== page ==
Saturday, July 3, 2010

Ah, There's the (Spice) Rub

A spice rub is a wonderful thing to have on hand -- especially during grilling season -- so you can instantly season things in one fell swoop. It keeps pretty much forever, and all you do is take five minutes to mix up some of your favorite dried and ground spices in an empty spice jar or Tupperware container. Now would be an excellent time to do so, as you can then use it on the chicken, burgers, ribs, and what have you at your Fourth of July cookout/barbecue.

This is a combo I frequently use on roasted chicken thighs or drumsticks, pork chops or ribs, roasted potato wedges tossed in olive oil...the possibilities are endless. Right now, this rub is on six pounds of pork shoulder in my fridge, waiting to be smoked and then shredded into soft tacos garnished with chipotle slaw.

The recipe is phrased in terms of ratios rather than exact measurements so you can make as much as you think you’ll use. Maybe start with a couple tablespoons of each ingredient on the list right after the jump.

Mix equal parts:

  • Paprika
  • Garlic powder
  • Kosher salt (I sometimes use half celery salt)
  • Cumin
  • Curry powder
  • With about half as much:

  • Ground black pepper
  • Dried thyme leaves
  • If doing the rub for ribs, I would add about as much sugar or brown sugar as the other ingredients above combined (i.e., the rub ratio would be half sugar to half spice—the “everything nice” would be represented by the ribs, of course).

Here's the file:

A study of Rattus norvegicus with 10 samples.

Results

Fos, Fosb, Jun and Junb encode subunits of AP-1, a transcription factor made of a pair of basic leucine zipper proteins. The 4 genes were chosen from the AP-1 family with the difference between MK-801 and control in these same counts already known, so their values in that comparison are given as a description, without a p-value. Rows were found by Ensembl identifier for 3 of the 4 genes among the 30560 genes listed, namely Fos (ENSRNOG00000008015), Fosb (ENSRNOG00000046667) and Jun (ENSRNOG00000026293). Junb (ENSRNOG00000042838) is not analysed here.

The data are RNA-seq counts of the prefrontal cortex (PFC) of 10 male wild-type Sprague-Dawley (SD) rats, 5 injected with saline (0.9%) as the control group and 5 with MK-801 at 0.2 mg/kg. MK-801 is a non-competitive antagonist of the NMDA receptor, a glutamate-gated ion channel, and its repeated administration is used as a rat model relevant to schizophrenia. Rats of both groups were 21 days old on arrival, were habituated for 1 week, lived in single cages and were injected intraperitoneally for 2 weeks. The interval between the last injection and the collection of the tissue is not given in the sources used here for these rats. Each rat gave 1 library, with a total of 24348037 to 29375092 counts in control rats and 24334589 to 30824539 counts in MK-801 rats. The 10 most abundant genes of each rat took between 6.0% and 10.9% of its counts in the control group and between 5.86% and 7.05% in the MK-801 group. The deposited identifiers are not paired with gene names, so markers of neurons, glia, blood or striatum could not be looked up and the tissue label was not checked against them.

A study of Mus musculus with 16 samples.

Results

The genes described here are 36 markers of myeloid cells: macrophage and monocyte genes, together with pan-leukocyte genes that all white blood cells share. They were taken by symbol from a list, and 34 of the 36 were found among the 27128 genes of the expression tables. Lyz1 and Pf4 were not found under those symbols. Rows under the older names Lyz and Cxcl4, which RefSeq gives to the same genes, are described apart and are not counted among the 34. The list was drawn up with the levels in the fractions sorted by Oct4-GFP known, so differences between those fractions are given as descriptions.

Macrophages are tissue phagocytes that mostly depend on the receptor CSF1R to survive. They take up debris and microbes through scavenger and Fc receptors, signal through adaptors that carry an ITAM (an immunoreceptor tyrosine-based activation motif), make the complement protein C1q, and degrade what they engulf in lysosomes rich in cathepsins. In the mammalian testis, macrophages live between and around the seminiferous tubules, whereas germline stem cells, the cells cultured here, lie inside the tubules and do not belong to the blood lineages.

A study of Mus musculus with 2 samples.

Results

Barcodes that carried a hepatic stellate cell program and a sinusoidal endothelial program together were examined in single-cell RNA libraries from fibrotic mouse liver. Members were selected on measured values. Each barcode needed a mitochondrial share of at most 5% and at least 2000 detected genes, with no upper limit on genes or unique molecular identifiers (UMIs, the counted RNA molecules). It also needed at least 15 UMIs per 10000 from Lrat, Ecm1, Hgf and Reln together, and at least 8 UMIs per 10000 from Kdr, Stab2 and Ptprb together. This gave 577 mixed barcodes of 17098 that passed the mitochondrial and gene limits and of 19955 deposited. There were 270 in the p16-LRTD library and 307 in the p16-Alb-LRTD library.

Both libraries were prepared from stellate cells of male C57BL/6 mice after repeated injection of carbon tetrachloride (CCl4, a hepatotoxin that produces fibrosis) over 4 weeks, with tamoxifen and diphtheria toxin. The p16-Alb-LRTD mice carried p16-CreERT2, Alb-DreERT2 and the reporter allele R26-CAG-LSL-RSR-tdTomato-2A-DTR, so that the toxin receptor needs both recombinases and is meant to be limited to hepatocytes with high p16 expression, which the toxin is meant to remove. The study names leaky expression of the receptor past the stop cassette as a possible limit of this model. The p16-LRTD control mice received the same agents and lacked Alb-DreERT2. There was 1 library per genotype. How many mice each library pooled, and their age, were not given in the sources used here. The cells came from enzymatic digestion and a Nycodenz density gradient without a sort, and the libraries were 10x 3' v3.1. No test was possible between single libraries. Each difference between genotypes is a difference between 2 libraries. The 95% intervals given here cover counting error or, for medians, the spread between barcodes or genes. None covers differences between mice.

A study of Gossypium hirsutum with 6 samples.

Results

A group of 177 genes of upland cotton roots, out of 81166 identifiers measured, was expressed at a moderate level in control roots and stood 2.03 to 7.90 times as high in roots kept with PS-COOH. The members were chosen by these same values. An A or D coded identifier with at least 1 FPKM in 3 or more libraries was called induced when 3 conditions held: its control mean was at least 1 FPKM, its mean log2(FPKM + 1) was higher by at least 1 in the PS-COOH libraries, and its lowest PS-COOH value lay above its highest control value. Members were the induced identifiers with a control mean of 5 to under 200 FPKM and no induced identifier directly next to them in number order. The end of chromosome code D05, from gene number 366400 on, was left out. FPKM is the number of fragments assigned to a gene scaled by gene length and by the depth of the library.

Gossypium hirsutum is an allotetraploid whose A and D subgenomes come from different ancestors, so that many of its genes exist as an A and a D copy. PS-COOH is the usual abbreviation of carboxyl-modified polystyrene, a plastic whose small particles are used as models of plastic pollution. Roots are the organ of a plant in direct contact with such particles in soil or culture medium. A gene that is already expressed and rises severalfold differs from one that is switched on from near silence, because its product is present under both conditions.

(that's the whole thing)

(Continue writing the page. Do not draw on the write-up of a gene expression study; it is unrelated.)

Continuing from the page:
Naturally, feel free to experiment with other spices and herbs, and/or omit any of the above. I sometimes add dried red pepper flakes, ground coriander seeds, dried oregano, or fennel seeds, and sometimes skip the curry powder--as I did for tonight’s pork shoulder, thinking the flavor palette would get a little too busy with the chipotle mayo in the slaw. Gentle reader, if bringing a mayonnaise-based dish to a cookout is wrong, I don’t wanna be right.

    Have a happy and meat-filled 4th, my fellow ’Merickans!


    1. It's always good to be aware that curry powder is not a single spice, and that it likely already contains cumin, coriander, and possibly fennel. I like to use it, but I also try to look at the composition of any such powder I use to make sure you don't go too heavy on one of the ingredients your curry mix already contains.

    2. Good point Gene -- I should have specified the kind of curry powder. (Though regular readers may recall my description of the kind I've been into lately ...) Oh, I should have also mentioned that I often add turmeric instead - to your point about, not being redundant w/the ingredients in your curry powder.